Personal attributes represent structured information about a person, such as their hobbies, pets, family, likes and dislikes. We introduce the tasks of extracting and inferring personal attributes from human-human dialogue, and analyze the linguistic demands of these tasks. To meet these challenges, we introduce a simple and extensible model that combines an autoregressive language model utilizing constrained attribute generation with a discriminative reranker. Our model outperforms strong baselines on extracting personal attributes as well as inferring personal attributes that are not contained verbatim in utterances and instead requires commonsense reasoning and lexical inferences, which occur frequently in everyday conversation. Finally, we demonstrate the benefit of incorporating personal attributes in social chit-chat and task-oriented dialogue settings.
When reading stories, people can naturally identify sentences in which a new event starts, i.e., event boundaries, using their knowledge of how events typically unfold, but a computational model to detect event boundaries is not yet available. We characterize and detect sentences with expected or surprising event boundaries in an annotated corpus of short diary-like stories, using a model that combines commonsense knowledge and narrative flow features with a RoBERTa classifier. Our results show that, while commonsense and narrative features can help improve performance overall, detecting event boundaries that are more subjective remains challenging for our model. We also find that sentences marking surprising event boundaries are less likely to be causally related to the preceding sentence, but are more likely to express emotional reactions of story characters, compared to sentences with no event boundary.
Internet forums such as Reddit offer people a platform to ask for advice when they encounter various issues at work, school or in relationships. Telling helpful comments apart from unhelpful comments to these advice-seeking posts can help people and dialogue agents to become more helpful in offering advice. We propose a dataset that contains both helpful and unhelpful comments in response to such requests. We then relate helpfulness to the closely related construct of empathy. Finally, we analyze the language features that are associated with helpful and unhelpful comments.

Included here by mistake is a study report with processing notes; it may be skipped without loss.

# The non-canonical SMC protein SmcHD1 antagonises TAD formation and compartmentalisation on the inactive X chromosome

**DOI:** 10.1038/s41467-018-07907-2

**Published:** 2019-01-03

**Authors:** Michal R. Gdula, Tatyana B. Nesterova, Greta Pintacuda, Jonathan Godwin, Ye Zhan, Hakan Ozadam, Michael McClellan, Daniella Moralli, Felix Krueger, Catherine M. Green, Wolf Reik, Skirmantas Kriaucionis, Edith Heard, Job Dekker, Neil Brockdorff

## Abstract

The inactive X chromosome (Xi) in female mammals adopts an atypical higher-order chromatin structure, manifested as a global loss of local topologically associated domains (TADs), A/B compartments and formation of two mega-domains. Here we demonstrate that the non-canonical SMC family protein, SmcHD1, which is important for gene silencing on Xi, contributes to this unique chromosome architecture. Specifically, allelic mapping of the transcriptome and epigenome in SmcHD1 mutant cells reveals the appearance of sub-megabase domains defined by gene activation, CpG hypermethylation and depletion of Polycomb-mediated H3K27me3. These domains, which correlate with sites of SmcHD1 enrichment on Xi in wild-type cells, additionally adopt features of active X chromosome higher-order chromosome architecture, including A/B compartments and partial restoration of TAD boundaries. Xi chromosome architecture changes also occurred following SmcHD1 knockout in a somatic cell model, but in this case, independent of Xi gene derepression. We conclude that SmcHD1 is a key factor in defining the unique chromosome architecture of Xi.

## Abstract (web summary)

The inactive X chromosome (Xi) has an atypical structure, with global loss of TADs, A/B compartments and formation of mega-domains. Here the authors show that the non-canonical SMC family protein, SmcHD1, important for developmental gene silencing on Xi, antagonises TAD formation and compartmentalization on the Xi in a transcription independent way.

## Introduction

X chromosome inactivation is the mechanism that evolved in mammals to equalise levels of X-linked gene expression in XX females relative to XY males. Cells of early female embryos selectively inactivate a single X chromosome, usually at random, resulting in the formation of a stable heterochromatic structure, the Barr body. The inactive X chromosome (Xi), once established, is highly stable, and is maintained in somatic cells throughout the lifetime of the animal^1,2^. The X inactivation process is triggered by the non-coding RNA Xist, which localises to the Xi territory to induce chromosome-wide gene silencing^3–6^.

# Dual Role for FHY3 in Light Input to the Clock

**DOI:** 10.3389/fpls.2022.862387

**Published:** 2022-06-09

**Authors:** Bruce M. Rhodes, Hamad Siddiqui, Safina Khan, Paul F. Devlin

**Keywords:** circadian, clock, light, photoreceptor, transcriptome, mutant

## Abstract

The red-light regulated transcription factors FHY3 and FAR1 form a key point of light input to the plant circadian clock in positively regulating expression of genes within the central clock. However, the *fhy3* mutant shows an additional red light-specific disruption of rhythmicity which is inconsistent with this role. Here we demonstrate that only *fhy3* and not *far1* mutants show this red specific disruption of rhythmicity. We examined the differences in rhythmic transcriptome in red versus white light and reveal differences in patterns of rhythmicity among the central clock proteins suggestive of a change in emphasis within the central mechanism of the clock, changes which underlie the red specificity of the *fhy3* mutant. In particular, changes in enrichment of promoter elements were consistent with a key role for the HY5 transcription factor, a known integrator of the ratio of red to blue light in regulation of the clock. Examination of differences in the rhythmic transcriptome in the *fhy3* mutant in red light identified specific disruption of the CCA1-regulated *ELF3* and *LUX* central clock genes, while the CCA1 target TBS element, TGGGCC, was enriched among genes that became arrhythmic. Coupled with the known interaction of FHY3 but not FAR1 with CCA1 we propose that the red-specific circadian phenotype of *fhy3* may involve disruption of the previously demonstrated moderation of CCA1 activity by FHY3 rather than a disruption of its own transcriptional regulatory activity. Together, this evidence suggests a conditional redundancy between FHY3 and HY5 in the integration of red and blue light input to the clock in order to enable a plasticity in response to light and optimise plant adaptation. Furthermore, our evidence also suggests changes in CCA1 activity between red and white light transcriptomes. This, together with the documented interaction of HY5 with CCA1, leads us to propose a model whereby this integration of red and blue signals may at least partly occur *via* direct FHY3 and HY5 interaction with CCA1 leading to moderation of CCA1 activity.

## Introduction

While many different aspects of human experiences have been studied by the NLP community, none has captured its full richness. We propose a new task to capture this richness based on an unlikely setting: movie characters. We sought to capture theme-level similarities between movie characters that were community-curated into 20,000 themes. By introducing a two-step approach that balances performance and efficiency, we managed to achieve 9-27% improvement over recent paragraph-embedding based methods. Finally, we demonstrate how the thematic information learnt from movie characters can potentially be used to understand themes in the experience of people, as indicated on Reddit posts.
We present a probabilistic clustering algorithm that can help Reddit users to find posts that discuss experiences similar to their own. This model is built upon the BERT Next Sentence Prediction model and reduces the time complexity for clustering all posts in a corpus from O(nˆ2) to O(n) with respect to the number of posts. We demonstrate that such probabilistic clustering can yield a performance better than baseline clustering methods based on Latent Dirichlet Allocation (Blei et al., 2003) and Word2Vec (Mikolov et al., 2013). Furthermore, there is a high degree of coherence between our probabilistic clustering and the exhaustive comparison O(nˆ2) algorithm in which the similarity between every pair of posts is found. This makes the use of the BERT Next Sentence Prediction model more practical for unsupervised clustering tasks due to the high runtime overhead of each BERT computation.